Playhouse in the Park will offer more than just superficial changes come spring. Amidst the construction of the Mainstage Theatre Complex, Playhouse aims to deepen roots in the community. It will establish a program that gives individual artists and groups opportunities to develop their existing work through the use of facility spaces in the new complex.
The Arts and Culture Incubator program launches in March, along with the projected debut of the Mainstage Theatre Complex featuring Moe and Jack's Place - The Rouse Theatre.
The new incubator program will allow select members access to facility spaces for classes, events, rehearsals, creative work, networking and collaboration, according to a Playhouse press release. The Playhouse team will also offer participants professional development services catered to individual needs. The inaugural class of Arts and Culture Incubatees was recently announced; it includes nine organizations and two Cincinnati-based theater artists.
“Theater is inherently a collaborative art form — no play makes it to the stage without the talents of a production team and a company that affords them resources,” Osborn Family Producing Director, Blake Robison, said in a press release. “We recognize that we can provide this same kind of collaborative energy for our artistic and cultural peers. It’s a privilege for us to share our new facility and its resources so they can continue and deepen their work. Ultimately, our entire community benefits from their talents.”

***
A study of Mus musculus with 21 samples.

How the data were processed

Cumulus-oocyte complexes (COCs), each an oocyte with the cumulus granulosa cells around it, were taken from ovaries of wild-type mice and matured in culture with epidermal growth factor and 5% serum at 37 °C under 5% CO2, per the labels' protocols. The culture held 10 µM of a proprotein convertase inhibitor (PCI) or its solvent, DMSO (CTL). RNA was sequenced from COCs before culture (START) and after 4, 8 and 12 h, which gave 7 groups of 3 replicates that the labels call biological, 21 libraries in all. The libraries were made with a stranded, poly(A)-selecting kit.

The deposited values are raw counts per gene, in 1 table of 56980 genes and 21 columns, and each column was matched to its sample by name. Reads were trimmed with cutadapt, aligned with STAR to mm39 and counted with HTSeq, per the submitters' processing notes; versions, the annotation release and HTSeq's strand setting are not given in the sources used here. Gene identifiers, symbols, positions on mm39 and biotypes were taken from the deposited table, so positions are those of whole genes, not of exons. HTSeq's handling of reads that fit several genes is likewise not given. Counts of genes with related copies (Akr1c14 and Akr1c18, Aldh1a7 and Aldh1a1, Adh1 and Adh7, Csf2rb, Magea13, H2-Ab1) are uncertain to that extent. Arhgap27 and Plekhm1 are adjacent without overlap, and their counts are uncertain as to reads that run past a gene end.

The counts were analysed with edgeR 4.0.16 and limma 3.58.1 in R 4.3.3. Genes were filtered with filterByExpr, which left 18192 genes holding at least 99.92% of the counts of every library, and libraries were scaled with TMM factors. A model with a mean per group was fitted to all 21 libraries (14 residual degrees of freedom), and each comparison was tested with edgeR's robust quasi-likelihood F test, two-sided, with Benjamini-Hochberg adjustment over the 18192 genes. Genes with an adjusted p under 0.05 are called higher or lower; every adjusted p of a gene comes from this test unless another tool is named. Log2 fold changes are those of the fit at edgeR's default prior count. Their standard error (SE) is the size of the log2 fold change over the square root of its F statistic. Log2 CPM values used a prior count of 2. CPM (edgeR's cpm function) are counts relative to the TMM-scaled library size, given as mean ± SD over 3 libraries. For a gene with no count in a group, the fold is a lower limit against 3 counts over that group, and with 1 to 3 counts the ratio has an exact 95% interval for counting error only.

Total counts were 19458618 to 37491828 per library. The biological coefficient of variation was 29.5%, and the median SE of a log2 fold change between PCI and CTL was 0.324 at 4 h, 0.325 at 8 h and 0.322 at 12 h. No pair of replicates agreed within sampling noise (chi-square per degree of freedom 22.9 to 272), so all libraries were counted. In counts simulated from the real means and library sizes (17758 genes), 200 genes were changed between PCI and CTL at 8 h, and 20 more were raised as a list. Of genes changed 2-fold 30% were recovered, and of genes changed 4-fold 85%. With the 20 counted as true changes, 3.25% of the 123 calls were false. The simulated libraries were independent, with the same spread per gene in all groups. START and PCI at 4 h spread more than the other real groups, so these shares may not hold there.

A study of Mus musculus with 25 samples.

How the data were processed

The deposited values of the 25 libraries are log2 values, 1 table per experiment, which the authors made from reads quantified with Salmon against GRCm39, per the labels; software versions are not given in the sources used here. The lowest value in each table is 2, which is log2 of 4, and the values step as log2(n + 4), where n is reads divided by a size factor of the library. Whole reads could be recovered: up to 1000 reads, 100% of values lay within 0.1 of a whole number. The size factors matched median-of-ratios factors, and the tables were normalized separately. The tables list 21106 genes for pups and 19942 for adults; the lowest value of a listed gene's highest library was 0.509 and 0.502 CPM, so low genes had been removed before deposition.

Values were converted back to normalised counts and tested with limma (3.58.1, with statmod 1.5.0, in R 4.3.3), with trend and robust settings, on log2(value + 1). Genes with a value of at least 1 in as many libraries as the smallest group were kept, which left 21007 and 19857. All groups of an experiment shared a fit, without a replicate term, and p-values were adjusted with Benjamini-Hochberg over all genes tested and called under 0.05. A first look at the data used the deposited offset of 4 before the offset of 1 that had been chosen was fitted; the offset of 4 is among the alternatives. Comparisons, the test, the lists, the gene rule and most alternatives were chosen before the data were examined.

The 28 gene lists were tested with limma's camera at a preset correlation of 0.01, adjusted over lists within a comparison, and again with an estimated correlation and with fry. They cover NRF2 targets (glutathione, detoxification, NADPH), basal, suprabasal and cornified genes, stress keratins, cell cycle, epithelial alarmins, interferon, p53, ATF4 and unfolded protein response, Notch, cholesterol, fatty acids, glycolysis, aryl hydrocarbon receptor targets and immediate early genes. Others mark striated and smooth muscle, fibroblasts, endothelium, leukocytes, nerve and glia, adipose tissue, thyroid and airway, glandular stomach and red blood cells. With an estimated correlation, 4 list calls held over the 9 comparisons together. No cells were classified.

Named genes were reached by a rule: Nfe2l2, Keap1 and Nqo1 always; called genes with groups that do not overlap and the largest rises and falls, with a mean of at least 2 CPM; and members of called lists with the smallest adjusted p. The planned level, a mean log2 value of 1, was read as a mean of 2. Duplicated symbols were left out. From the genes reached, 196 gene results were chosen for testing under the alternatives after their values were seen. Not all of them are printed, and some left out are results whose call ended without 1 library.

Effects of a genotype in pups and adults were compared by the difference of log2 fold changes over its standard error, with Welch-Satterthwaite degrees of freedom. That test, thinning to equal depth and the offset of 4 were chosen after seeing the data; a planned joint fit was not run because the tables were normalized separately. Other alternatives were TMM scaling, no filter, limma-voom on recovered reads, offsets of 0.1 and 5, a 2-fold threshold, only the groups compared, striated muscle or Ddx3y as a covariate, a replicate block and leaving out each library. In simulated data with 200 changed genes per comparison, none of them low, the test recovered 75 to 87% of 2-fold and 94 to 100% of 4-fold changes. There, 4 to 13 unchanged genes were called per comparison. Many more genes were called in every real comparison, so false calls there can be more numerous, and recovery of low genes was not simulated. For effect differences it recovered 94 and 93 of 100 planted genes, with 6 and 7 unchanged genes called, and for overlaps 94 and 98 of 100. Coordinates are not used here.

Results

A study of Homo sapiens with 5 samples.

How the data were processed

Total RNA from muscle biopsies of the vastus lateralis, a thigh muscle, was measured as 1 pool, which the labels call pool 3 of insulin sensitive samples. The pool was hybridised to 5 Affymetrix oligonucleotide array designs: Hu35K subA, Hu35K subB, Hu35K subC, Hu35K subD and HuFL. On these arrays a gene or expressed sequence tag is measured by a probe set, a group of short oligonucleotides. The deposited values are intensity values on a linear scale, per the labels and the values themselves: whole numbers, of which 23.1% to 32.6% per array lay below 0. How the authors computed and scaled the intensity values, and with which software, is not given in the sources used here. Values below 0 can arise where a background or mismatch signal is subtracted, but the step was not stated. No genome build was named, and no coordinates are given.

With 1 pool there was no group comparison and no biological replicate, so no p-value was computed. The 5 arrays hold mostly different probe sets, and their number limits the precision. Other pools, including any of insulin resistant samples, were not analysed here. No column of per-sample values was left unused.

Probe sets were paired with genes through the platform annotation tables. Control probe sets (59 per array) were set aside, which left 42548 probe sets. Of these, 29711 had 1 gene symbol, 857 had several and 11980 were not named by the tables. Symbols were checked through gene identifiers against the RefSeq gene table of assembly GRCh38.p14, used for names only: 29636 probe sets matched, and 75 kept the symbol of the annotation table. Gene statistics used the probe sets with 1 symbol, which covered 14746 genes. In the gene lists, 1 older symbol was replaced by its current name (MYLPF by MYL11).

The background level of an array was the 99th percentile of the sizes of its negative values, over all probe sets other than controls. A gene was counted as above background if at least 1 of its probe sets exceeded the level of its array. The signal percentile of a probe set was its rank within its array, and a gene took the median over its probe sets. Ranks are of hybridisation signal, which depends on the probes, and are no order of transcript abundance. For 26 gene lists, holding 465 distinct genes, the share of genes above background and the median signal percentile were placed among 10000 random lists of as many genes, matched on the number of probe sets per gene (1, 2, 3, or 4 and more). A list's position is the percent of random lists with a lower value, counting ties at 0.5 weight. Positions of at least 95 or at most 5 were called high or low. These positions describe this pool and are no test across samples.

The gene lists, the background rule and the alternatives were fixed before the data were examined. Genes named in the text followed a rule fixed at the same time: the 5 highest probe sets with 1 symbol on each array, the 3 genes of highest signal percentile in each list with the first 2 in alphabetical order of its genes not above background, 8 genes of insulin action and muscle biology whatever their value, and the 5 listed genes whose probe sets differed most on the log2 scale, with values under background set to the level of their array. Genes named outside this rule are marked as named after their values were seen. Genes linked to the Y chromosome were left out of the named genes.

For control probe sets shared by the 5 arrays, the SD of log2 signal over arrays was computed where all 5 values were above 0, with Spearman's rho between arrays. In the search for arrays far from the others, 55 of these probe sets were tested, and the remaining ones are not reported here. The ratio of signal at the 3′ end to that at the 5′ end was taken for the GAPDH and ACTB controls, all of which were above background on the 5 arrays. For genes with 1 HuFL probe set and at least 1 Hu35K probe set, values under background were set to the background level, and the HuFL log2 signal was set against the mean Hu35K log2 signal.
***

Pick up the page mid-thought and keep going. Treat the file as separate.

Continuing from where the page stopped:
Playhouse selected nine organizations that serve the region in different ways through artistic and cultural work. The nine exclusive selections are: Cincinnati Music Accelerator, Cincinnati Pride, DuWaup’s Cincinnati Poetry Slam, Elevated Aerials, Greater Cincinnati Native American Coalition, Heroes Rise Street Dance Academy, Queen City Flash, Science on Tap and Young Professionals Choral Collective of Cincinnati.
Playhouse’s Resident Artist Program, which is part of the Arts and Culture Incubator, includes two individual program members, Derek J. Snow and Curtis D. Shepard. Shepard is an actor, writer and spoken-word artist. Snow is an actor, writer and director.
Playhouse director of artistic engagement, Daunielle Rasmussen, worked with Robison to create the Arts and Culture Incubator. The program’s inception was inspired by conversations with local artists and organizations during the pandemic, according to a Playhouse press release. The idea was to figure out how future Playhouse programming could support artists’ existing and upcoming projects.
“Artists in Cincinnati need space, professional development, equipment and visibility,” Rasmussen said in a press release. “We recognized that our name has weight, and just by backing a partner that we’ve worked with previously on shows and projects, it opened doors for them to pursue other partnerships that hadn't been available to them.”
For more information about Cincinnati Playhouse in the Park, visit cincyplay.com.